September 27, 2008

Acting, II

Still coming down after The Small Back Room (1949)...

Odd because the acting was more traditional, but piercing because it offered some insight into what I wrote earlier, although I think I will ignore that entirely. Immediately I thought this served as a great parallel and counter-point to Gone to Earth (1950). The Small Back Room is darker in tone but lighter in principle while Gone to Earth is just the opposite, both offering startling moments.

The opening scenes of The Small Back Room had me thinking this would be a film of action, something like 49th Parallel (1941) or One of Our Aircraft is Missing (1942), where personal drama is entirely forgotten under pressure of danger, the "Here we are; What do we do now?" situation. But it quickly becomes personal drama. Adult personal drama. Something along mainstream lines... yet still unmistakably P+P.

I began thinking about acting the way I usually think about it: as a minor part of an integral whole. How could I have tried to convince myself differently? Actors only have as much power as you give them, and perhaps this is what impresses me about Powell's direction and Pressburger's writing. Impressive not in that they abuse their power but that the actors do not need it. Usually. The Small Back Room gives a surprising amount of power to the actors, let's Farrar be dark and moody, but their is still that touch of Powell I have to address.

It's in screen psychology. Rather than giving characters monologues and emotional explosions, their psychology is expressed in the cinematic universe around them. In the obvious, it is the expressionistic sequence in which Rice is tortured by the bottle and clock. More subtly, it is the way we see Rice leave the key in the lock or hear his reactions through the voice of a nervous secretary operating the wire. It is this that keeps much of a character's psychology internal, this that allows for stoicism.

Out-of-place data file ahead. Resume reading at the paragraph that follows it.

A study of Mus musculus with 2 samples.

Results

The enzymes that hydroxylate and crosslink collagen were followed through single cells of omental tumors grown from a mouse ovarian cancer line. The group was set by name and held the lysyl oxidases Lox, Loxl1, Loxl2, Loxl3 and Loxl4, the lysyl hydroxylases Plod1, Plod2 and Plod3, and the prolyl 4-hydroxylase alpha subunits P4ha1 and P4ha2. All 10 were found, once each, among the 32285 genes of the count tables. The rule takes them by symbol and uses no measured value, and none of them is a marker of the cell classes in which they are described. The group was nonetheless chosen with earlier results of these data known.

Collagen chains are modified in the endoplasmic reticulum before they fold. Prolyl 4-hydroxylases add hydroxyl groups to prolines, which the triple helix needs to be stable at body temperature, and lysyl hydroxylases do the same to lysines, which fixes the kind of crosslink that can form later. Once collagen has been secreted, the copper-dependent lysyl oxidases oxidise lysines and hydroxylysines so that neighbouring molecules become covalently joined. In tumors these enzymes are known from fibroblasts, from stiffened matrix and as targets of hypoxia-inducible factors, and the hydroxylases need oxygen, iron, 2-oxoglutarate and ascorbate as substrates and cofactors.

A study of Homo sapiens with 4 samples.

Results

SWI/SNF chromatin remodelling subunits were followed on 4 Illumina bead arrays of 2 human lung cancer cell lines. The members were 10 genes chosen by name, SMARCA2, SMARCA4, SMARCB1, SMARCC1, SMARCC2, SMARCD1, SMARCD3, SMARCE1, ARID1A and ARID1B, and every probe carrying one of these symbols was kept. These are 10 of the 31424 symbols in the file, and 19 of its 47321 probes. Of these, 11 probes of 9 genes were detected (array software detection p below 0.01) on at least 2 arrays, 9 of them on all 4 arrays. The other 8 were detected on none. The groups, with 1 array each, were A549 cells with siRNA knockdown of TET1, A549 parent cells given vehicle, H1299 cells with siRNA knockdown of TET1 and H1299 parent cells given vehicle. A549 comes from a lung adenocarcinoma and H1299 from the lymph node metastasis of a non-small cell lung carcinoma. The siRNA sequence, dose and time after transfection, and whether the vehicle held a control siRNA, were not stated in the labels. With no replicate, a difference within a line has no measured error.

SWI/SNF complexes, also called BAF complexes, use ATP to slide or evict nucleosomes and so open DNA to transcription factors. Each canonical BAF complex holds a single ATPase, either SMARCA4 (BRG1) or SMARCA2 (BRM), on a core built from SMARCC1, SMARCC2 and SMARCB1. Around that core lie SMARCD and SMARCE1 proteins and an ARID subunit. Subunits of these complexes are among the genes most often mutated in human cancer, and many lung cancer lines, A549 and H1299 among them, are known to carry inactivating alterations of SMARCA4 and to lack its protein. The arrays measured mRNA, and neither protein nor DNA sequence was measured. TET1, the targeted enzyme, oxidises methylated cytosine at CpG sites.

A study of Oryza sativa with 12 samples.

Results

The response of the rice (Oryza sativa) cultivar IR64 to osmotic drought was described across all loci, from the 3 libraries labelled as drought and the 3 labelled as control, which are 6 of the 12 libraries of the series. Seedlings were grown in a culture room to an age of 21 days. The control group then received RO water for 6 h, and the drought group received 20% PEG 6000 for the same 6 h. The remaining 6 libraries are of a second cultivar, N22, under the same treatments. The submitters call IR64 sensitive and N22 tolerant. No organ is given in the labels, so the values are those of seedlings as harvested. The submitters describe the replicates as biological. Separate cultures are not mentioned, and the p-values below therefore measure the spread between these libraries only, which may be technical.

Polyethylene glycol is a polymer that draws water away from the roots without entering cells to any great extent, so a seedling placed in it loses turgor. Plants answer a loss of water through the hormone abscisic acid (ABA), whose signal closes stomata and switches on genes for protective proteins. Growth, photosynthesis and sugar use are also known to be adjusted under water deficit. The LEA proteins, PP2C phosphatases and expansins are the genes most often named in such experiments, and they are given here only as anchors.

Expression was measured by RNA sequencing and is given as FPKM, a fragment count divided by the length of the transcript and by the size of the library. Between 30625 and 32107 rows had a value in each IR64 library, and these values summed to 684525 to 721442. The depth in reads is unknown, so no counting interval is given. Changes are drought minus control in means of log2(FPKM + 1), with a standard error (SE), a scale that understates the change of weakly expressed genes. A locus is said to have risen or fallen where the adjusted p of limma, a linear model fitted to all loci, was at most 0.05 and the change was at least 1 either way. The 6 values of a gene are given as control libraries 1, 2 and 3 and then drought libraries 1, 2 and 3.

If The Small Back Room is so grown-up, perhaps it is because of the acting. Not that the story or characters by themselves are mature, but that the filmmakers take so mature an approach to the material. No, the actors have no power, but they are needed.

3 comments:

gaston monescu said...

Everything that you said about acting in the previous post pretty much sums up my thoughts on the subject, except with much better vocabulary and grammar.
I have been rewatching a lot of P+P lately, and I think they really hit the nail on my personal views on acting. As you said, the actors are necessary but not very powerful.

As for Small Back Room, one of the reasons I found it so interesting was that it was suppose to be an action(-ish) film, like Powell's earlier "propagandas" and quickies, though it was a bit more stylized and focused more on character, much like P+P's more lavish 40's efforts. So it was an exciting viewing for a fanboy like me.

How did you find the film mature? Did you find it more mature than P+P's other films? It's not that I disagree or anything, but I've usually found all of their films to be much more mature than most other filmmakers.

Ian said...

"How did you find the film mature? Did you find it more mature than P+P's other films?"
Difficult question. Not that I would call the film itself more mature--all of P+P's films reached different points of maturity--but that the characters were actively mature and asserting their adulthood...

No, I don't think that's it. Eh, it is not something I can accurately explain, but it really really impressed me watching the characters. In real life, it is easy to tell when watching people just what they are missing in terms of wisdom and maturity. There was something about Sammy and Susan in the movie that was so overwhelmingly adult in my mind--and perhaps it is because they are handling more complex issues in more complex ways in comparison to other P+P films. Hmm...

gaston monescu said...

Yeah, maturity in film is something that is pretty much impossible for me to explain too. Which is a shame, because I use the term so much.
Sammy and Susan were very adult in their way, but I find that sense of developed nature in quite a bit of P+P's characters. They are all mature in their own way; the personal discipline in their characters is very intriguing and not to mention very appealing and inspiring.